Alexandra Canal accident: Investigator says car did not brake until just before plunging into canal, killing mother and daughter

Three tow trucks hoisting the silver Mercedes Benz that crashed into the Alexandra Canal on Jan 24.
Three tow trucks hoisting the silver Mercedes Benz that crashed into the Alexandra Canal on Jan 24.PHOTO: ST FILE

SINGAPORE - The silver Mercedes Benz that crashed into Alexandra Canal on Jan 24, leaving the driver and her daughter dead, did not appear to have braked as it went over the final hump leading out of a mall's basement carpark.

The car shot straight ahead instead of turning right onto the road, hitting a kerb and running into planted bushes.

It then swerved to the left before colliding with the canal's railing at 9.01pm, plunging into the 3m-deep water. Only after it hit the railing did the brake lights come on.


Robin Poon leaving the State Courts on July 4, 2016. ST PHOTO: WONG KWAI CHOW

The car, driven by Madam Yep Lay Choo, 51, travelled 14.6m in about 3 seconds before the crash, according to court documents. Her daughter Kimberly Poon, 22, who was in the front passenger seat, also drowned.

"I find that the accident was due to human error. Due to evidence, the police do not suspect any foul play," said senior investigation officer Jegadeeswaran during a Coroner's Inquiry into the deaths on Monday (July 4).

Madam Yep’s husband, Mr Robin Poon, 50, was solemn as he viewed closed-circuit television footage in court, showing the car as it exited the carpark and headed straight through the bushes.

Mechanical inspection of the vehicle showed that damages had been caused by the impact during the accident. No other mechanical defect was found on the vehicle that could have led to the incident.

IO Jegadeeswaran added that "it was possible that Madam Yep was distracted upon leaving the carpark, thus causing the vehicle to shoot straight ahead instead of realising that a turn was required".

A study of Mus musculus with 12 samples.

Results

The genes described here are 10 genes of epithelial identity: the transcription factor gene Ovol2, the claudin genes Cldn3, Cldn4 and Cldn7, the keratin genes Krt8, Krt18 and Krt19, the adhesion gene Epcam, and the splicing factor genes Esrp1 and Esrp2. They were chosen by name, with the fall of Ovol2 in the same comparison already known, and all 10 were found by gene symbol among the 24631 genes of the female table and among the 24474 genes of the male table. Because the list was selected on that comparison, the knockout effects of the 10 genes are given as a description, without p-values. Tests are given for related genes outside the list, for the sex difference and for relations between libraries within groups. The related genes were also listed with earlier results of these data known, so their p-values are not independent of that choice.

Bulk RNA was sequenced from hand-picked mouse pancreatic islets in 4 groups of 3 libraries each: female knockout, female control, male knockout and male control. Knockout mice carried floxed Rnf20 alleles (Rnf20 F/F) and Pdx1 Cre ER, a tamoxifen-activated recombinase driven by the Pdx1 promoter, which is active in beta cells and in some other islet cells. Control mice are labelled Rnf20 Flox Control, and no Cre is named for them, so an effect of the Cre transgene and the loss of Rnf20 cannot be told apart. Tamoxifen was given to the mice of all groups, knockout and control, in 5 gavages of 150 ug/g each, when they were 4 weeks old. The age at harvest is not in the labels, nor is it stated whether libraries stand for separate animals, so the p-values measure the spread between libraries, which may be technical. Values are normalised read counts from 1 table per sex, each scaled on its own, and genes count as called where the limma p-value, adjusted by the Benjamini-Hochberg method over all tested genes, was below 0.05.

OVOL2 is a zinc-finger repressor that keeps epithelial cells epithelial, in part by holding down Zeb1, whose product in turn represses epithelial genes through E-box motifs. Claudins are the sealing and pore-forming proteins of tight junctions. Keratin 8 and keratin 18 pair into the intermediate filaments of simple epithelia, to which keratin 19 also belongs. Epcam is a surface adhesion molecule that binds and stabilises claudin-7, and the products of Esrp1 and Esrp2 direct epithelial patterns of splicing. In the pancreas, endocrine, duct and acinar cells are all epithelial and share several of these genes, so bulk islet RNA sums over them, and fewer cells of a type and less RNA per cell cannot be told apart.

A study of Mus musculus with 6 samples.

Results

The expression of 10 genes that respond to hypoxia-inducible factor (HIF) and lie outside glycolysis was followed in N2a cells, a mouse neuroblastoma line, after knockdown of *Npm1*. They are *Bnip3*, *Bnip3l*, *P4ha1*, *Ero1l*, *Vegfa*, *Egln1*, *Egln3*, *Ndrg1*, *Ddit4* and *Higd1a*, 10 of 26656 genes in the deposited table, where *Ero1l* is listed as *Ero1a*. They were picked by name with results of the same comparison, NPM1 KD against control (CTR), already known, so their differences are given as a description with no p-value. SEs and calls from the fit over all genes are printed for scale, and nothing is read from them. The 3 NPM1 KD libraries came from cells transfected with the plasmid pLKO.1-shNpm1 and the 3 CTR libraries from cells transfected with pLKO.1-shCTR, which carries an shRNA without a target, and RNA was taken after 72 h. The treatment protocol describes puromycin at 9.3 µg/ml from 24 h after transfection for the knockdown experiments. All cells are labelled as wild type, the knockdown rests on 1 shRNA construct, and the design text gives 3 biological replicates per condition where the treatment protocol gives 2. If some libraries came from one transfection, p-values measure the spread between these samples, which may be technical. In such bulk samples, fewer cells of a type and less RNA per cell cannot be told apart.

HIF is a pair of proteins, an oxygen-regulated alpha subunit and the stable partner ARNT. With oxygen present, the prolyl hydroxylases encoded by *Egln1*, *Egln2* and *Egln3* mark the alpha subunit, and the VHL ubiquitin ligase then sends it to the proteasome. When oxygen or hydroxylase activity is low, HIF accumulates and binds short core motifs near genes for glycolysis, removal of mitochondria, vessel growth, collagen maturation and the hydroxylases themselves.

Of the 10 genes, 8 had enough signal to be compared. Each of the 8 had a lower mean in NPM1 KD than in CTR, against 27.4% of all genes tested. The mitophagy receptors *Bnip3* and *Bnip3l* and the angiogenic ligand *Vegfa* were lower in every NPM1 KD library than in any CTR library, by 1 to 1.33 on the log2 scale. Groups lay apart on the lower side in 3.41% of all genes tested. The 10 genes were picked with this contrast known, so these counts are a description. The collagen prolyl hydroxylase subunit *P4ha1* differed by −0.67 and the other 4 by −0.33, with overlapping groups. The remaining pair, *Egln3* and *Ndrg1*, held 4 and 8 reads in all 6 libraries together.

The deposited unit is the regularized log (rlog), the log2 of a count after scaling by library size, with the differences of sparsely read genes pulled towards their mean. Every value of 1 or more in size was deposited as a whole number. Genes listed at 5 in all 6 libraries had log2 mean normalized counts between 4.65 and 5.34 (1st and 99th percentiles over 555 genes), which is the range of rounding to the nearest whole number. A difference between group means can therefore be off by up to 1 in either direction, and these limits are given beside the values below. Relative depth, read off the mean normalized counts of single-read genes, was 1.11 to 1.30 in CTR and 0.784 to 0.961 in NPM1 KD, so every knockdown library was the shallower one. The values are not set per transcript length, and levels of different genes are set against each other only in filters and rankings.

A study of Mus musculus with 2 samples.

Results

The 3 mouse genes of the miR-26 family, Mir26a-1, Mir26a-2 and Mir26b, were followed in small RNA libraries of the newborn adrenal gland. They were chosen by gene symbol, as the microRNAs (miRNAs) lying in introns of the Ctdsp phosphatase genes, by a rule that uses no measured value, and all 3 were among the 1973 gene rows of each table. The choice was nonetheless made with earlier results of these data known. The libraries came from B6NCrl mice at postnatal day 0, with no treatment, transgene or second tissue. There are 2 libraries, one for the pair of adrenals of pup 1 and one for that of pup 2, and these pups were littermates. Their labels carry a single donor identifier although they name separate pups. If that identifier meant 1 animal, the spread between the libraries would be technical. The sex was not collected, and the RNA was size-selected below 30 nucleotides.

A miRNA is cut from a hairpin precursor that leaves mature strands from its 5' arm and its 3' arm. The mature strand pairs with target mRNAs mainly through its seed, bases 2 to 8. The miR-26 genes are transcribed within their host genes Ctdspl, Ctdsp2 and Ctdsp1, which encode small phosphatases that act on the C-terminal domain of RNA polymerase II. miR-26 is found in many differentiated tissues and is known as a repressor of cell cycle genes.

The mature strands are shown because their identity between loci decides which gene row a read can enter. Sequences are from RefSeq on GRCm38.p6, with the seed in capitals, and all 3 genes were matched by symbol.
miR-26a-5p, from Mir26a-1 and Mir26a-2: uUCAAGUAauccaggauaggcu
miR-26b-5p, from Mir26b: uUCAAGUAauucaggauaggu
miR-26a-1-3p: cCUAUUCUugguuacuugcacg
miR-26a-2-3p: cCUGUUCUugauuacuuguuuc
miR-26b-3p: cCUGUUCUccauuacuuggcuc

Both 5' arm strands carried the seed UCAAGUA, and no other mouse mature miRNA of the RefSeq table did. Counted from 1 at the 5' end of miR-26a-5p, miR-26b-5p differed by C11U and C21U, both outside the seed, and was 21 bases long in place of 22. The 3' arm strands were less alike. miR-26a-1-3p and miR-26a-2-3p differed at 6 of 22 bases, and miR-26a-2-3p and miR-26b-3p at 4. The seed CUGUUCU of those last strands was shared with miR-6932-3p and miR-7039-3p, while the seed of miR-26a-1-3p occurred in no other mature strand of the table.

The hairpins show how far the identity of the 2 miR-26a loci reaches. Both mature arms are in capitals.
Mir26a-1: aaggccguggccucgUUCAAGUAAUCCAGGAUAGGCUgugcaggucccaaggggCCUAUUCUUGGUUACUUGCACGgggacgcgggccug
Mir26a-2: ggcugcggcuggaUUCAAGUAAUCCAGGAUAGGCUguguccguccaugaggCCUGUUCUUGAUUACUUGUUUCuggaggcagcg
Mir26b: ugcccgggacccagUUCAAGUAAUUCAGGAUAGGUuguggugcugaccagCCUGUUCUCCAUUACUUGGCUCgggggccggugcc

Madam Yep's brother, Mr Yep Tai Seng, 50, who is also the owner of the car, said she "was a good driver and very comfortable handling the vehicle".

While she had several speeding records between 1992 and 2012, she had been a cautious driver, said Mr Poon, a car workshop owner.

Speaking to reporters on Monday, Mr Poon added: "1992 to 2012, that was when she was in her younger days. Her speeding was not really exceeding speed limit (much)."

 
 
 
 

"I have no doubts in her driving skills," he said.

On Jan 24, Mr Poon had driven his wife and daughter in the silver sedan for lunch at Vagabond Hotel in Syed Alwi Road around 11am. After that, he drove the family for massages at Tras Street and then to Great World City Shopping Centre.

He then headed for a work-related meeting at about 6pm by taxi, and left the Mercedes Benz with Madam Yep. There was nothing out of the ordinary with the vehicle, according to Mr Poon.

That evening, Madam Yep drove the car to Valley Point Shopping Centre for dinner and shopping with her daughter. The duo headed to the carpark basement at 8.54pm.

A WhatsApp conversation between Ms Poon and her friend showed that they were texting between 7.45pm and 8.52pm, when the last message to Ms Poon was sent.

That message was read around 9pm when the incident happened, and could have been something that Madam Yep and Ms Poon discussed in the car, said IO Jegadeeswaran.

Police and the Singapore Civil Defence Force arrived at the scene at 9.11pm, and when the first diver went into the canal, all the car windows were intact but he could not enter the car.

"None of the subjects were in their seats," said IO Jegadeeswaran. Ms Poon was found floating between two seats. Her body was recovered at around 9.30pm.

Madam Yep was found behind the front seats, floating towards the bottom of the car, which had overturned as it entered the water. Her body was recovered at around 9.50pm.

They were subsequently pronounced dead by paramedics.

"I guess I have to accept it. There is nothing I can do," said Mr Poon after the inquiry. "I do miss them, but life has to move on."

State Coroner Marvin Bay is expected to deliver his findings on July 11.